Mt. Pleasant council hears public input on sewer rate hike, will finalize in June
MT. PLEASANT —A proposed sewer rate increase was the primary issue at a public hearing last Tuesday, May 23, on the 2017-2018 Mt Pleasant city budget.
The proposed budget includes an increase of $6.50 in the base rate charged to all connections. That increase will raise the base rate from $10.50 to $17. Under the proposal, after this year, the base sewer rate would go up 5 percent per year automatically. The budget also calls for increases in overage rates.
The reason given for the rate increase is that the rate has been raised only once since 1982. In that time, sewer system maintenance has been grossly neglected and now, major repairs are needed.
Sam Draper, Mt. Pleasant public works director, explained the need for the increase. While noting that the sewer rates in Mt Pleasant were lower than in every other community in Sanpete County, he said “I don’t believe in raising rates because everyone else’s is higher.” But he said neglect of the sewer system for years made the rate increase a pressing concern.
Mt. Pleasant City Treasurer Dave Oxman said that just to break even with the projected cost of needed maintenance, the increase would have to be to at least $15—far less than the amount proposed.
Councilman Kevin Stallings said with such a small increase, the sewer fund would have “no rainy day funds in it.”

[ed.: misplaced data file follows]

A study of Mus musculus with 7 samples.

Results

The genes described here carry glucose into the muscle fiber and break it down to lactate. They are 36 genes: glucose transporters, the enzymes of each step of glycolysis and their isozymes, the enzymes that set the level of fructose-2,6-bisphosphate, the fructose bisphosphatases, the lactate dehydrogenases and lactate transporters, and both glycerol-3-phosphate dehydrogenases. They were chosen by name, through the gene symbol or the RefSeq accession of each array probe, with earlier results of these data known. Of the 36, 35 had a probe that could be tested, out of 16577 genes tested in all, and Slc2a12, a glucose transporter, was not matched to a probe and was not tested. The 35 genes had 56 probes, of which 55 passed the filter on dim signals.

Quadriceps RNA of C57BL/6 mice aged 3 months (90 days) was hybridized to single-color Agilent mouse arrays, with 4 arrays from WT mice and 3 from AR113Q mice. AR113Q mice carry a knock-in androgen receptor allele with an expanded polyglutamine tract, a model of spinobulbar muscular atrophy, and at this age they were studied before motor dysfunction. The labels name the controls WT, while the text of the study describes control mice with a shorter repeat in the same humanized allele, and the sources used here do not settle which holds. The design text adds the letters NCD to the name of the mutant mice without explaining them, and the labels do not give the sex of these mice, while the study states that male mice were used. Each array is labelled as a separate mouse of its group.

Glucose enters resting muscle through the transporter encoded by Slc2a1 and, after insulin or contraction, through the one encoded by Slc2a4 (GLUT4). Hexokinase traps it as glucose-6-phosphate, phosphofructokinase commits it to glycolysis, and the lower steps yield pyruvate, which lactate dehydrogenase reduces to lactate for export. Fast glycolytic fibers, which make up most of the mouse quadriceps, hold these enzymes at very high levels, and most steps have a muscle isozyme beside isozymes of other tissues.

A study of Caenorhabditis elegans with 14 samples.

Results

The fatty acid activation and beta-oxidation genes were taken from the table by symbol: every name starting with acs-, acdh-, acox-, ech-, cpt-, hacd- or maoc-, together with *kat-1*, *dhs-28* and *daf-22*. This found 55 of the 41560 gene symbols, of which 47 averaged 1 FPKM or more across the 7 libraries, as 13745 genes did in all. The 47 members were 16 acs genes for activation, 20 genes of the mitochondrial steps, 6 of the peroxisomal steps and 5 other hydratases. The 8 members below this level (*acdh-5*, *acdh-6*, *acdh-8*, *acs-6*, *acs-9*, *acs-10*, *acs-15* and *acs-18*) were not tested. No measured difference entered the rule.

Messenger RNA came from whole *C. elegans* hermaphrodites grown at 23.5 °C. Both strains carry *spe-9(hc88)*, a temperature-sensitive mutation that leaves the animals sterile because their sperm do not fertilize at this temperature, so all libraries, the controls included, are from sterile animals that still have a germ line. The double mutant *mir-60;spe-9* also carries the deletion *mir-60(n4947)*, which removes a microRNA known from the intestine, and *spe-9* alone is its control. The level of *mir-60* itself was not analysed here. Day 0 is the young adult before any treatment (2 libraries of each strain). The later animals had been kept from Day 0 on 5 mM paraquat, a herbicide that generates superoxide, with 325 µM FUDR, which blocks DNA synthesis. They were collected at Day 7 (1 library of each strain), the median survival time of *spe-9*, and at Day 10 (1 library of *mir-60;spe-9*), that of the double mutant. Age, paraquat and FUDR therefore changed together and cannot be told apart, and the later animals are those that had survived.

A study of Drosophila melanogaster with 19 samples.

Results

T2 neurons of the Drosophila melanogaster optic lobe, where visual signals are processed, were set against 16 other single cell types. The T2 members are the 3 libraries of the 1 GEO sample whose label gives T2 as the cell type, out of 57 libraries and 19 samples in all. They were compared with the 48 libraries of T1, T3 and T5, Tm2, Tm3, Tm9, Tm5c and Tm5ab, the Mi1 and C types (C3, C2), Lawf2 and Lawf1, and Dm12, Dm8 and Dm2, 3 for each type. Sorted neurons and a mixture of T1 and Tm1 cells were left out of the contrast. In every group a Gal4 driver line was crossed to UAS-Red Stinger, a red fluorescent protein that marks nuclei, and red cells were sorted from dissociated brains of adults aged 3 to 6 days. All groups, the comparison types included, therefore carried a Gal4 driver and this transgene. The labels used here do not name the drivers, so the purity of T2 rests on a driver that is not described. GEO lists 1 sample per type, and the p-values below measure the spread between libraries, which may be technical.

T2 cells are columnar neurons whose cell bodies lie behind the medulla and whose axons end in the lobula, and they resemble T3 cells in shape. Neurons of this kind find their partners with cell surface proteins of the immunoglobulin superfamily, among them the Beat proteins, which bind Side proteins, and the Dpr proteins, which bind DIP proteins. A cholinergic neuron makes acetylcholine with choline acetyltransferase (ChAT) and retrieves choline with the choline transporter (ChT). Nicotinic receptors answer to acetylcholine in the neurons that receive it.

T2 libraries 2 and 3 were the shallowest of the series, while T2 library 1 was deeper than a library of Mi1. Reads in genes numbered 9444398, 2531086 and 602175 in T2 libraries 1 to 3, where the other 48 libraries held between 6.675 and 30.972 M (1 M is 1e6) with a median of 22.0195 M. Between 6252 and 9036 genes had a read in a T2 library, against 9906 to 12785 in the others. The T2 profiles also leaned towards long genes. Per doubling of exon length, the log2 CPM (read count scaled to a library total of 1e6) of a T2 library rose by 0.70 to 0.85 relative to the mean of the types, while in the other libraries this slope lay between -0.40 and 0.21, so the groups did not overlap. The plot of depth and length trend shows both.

Maintenance to the sewer system would inevitably identify more things in need of repair, Stalling said, adding, “It doesn’t do any good to identify a problem if you can’t fix the problem.”
Jeff MacDonald, former council member and a perennial opponent of any tax or spending increases, was at the hearing. “I don’t think there should be any raise,” he said.
He contended the increase proposed in the new budget was be more than the community could bear. Instead, the city should look to cut other parts of the budget. “We should tighten our belts elsewhere,” he said.
Councilman Justin Atkinson responded to MacDonald. He said that the increase was to rectify the past neglect of the system. The addition of a 5 percent yearly increase was designed to avoid hitting citizens with a huge increase all at once.
Except for past negligence by prior city governments, the increase would not be necessary, he said. “Infrastructure is the lifeblood of a community. We shouldn’t kick the can down the street anymore.”
Mayor David Blackham added that according to state law, any community has to run its enterprise funds (i.e. utilities, sewers, roads) separately from the general fund. A city cannot draw funds from the general fund to cover costs of repairs or maintenance in utilities that are designed to be self-supporting.
At the end of the hearing, Mayor Blackham reminded those attending that the budget would come up for final approval during the city’s June council meeting.